Document Detail

An update on the definition of "excessive exercise" in eating disorders research.
MedLine Citation:
PMID:  16231344     Owner:  NLM     Status:  MEDLINE    
OBJECTIVE: The current study informed the definition of "excessive exercise" by examining relations between exercise behavior, eating-disordered behavior, and quality of life (QOL) in a community sample of women. METHOD: Self-report measures of frequency of exercise, obligatory exercise and motivation for exercise, and of eating disorder psychopathology and QOL, were completed by 3,472 women aged 18-42 years who engaged in regular exercise. RESULTS: The extent to which exercise is intended to influence weight or shape and the degree to which guilt is experienced when exercise is postponed were the exercise variables most strongly associated with elevated levels of eating disorder psychopathology and reduced QOL. Subgroups of participants who reported exercising solely for weight and shape reasons (n = 322 [9.3%]), intense guilt after postponement of exercise (n = 136 [3.9%]), or both (n = 116 [3.3%]), had markedly elevated levels of eating disorder psychopathology. There was no association between excessive exercise and reduced QOL after the effects of eating disorder psychopathology were statistically controlled. CONCLUSION: The findings suggest that exercise is excessive when its postponement is accompanied by intense guilt or when it is undertaken solely to influence weight or shape. Operational definitions of excessive exercise might usefully include reference to these terms. The findings may also be of benefit in informing the content of prevention programs, which address dysfunctional exercise behavior. Excessive exercise is unlikely to be associated with impairment in psychosocial functioning in the absence of eating disorder psychopathology. It may, however, be a useful indicator of such psychopathology.
Jonathan M Mond; Phillipa J Hay; Bryan Rodgers; Cathy Owen
Related Documents :
17569994 - Medical, demographic, and psychosocial correlates of exercise in colorectal cancer surv...
1583674 - The role of efficacy cognitions in the prediction of exercise behavior in middle-aged a...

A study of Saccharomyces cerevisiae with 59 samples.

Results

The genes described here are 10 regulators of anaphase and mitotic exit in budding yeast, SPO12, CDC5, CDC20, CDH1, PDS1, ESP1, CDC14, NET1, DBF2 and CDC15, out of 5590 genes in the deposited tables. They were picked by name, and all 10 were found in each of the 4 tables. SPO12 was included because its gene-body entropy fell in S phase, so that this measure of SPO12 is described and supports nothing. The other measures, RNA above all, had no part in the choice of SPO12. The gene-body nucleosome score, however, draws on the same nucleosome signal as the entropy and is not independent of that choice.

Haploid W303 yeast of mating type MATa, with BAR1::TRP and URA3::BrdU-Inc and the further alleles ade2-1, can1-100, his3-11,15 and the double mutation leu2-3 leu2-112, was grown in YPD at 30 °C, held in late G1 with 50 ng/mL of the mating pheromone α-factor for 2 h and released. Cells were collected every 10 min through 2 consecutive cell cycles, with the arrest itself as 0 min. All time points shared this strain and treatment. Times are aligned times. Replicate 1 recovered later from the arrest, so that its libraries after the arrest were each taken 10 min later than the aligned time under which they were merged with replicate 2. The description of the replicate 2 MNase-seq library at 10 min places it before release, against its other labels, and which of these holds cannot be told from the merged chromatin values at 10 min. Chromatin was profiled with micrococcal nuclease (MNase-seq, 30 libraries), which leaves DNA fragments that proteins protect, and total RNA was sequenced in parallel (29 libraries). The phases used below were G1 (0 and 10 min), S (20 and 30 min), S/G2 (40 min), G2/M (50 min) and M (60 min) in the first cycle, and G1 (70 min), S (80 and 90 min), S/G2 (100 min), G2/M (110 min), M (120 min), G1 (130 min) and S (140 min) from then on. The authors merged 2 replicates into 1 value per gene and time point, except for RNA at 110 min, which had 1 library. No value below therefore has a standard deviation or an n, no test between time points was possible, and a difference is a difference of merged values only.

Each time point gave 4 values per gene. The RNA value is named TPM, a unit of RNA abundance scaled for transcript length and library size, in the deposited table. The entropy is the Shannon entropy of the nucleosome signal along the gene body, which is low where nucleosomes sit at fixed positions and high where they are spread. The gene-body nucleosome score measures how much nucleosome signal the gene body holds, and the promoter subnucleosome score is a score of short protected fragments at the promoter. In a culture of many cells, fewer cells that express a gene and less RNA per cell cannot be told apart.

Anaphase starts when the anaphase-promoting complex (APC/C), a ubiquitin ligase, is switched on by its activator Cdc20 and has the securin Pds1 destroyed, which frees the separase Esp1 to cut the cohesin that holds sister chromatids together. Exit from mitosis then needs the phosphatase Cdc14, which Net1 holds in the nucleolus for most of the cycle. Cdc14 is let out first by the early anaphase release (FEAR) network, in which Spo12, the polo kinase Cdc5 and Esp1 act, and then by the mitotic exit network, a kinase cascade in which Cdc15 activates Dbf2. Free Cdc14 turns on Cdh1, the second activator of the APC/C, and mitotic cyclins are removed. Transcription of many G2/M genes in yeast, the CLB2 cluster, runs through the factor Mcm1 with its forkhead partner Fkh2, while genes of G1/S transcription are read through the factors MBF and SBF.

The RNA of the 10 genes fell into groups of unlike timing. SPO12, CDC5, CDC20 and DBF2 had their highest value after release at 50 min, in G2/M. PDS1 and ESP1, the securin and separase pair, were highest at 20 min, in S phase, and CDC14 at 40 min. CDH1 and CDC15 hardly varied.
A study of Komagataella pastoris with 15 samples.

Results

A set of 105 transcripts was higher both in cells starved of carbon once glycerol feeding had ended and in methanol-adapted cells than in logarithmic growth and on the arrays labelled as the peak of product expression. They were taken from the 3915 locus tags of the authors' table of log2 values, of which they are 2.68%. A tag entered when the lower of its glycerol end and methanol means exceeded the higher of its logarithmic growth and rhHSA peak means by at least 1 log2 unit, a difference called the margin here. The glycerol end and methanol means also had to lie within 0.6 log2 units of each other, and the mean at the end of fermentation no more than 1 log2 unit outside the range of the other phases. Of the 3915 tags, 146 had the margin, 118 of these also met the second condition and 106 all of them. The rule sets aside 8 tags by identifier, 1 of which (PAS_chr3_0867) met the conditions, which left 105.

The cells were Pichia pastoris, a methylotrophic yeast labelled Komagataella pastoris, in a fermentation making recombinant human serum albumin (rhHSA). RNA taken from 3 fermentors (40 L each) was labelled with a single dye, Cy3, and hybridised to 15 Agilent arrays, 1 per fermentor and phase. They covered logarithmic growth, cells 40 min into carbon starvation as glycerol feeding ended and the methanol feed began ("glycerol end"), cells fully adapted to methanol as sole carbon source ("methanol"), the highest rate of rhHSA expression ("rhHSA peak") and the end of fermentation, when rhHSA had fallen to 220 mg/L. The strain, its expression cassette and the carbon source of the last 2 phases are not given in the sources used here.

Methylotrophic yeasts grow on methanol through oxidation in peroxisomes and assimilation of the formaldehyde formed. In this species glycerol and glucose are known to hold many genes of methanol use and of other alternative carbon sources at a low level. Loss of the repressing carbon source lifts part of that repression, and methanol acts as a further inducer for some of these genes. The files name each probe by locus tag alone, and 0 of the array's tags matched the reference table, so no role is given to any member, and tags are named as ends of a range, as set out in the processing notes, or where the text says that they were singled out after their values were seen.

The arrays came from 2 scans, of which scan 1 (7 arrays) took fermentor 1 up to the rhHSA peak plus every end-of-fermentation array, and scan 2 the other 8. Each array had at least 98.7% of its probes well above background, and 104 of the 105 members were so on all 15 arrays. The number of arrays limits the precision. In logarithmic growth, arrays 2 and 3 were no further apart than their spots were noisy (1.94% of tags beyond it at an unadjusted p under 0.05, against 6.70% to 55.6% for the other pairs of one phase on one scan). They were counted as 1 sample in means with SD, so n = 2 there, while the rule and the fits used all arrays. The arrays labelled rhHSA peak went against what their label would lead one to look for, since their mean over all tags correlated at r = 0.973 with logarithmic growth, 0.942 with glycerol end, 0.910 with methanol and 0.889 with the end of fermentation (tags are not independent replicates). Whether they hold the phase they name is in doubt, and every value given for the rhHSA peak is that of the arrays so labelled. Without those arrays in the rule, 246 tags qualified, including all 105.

18820344 - Factors associated with exercise counseling and program preferences among breast cancer...
19537944 - Modular laboratory exercises to analyze the development of zebrafish motor behavior.
15115174 - Laughter-associated asthma.
23416874 - The adoption and spread of a core-strengthening exercise through an online social network.
Publication Detail:
Type:  Journal Article    
Journal Detail:
Title:  The International journal of eating disorders     Volume:  39     ISSN:  0276-3478     ISO Abbreviation:  Int J Eat Disord     Publication Date:  2006 Mar 
Date Detail:
Created Date:  2006-01-17     Completed Date:  2006-06-12     Revised Date:  -    
Medline Journal Info:
Nlm Unique ID:  8111226     Medline TA:  Int J Eat Disord     Country:  United States    
Other Details:
Languages:  eng     Pagination:  147-53     Citation Subset:  IM    
Neuropsychiatric Research Institute, Fargo, North Dakota 58103, USA.
Export Citation:
APA/MLA Format     Download EndNote     Download BibTex
MeSH Terms
Activities of Daily Living / psychology
Body Image
Eating Disorders / diagnosis,  prevention & control,  psychology*
Exercise / psychology*
Personality Assessment
Quality of Life / psychology*
Risk Factors

From MEDLINE®/PubMed®, a database of the U.S. National Library of Medicine

Previous Document:  Risk factors and patterns of onset in binge eating disorder.
Next Document:  Twelve-year course and outcome predictors of anorexia nervosa.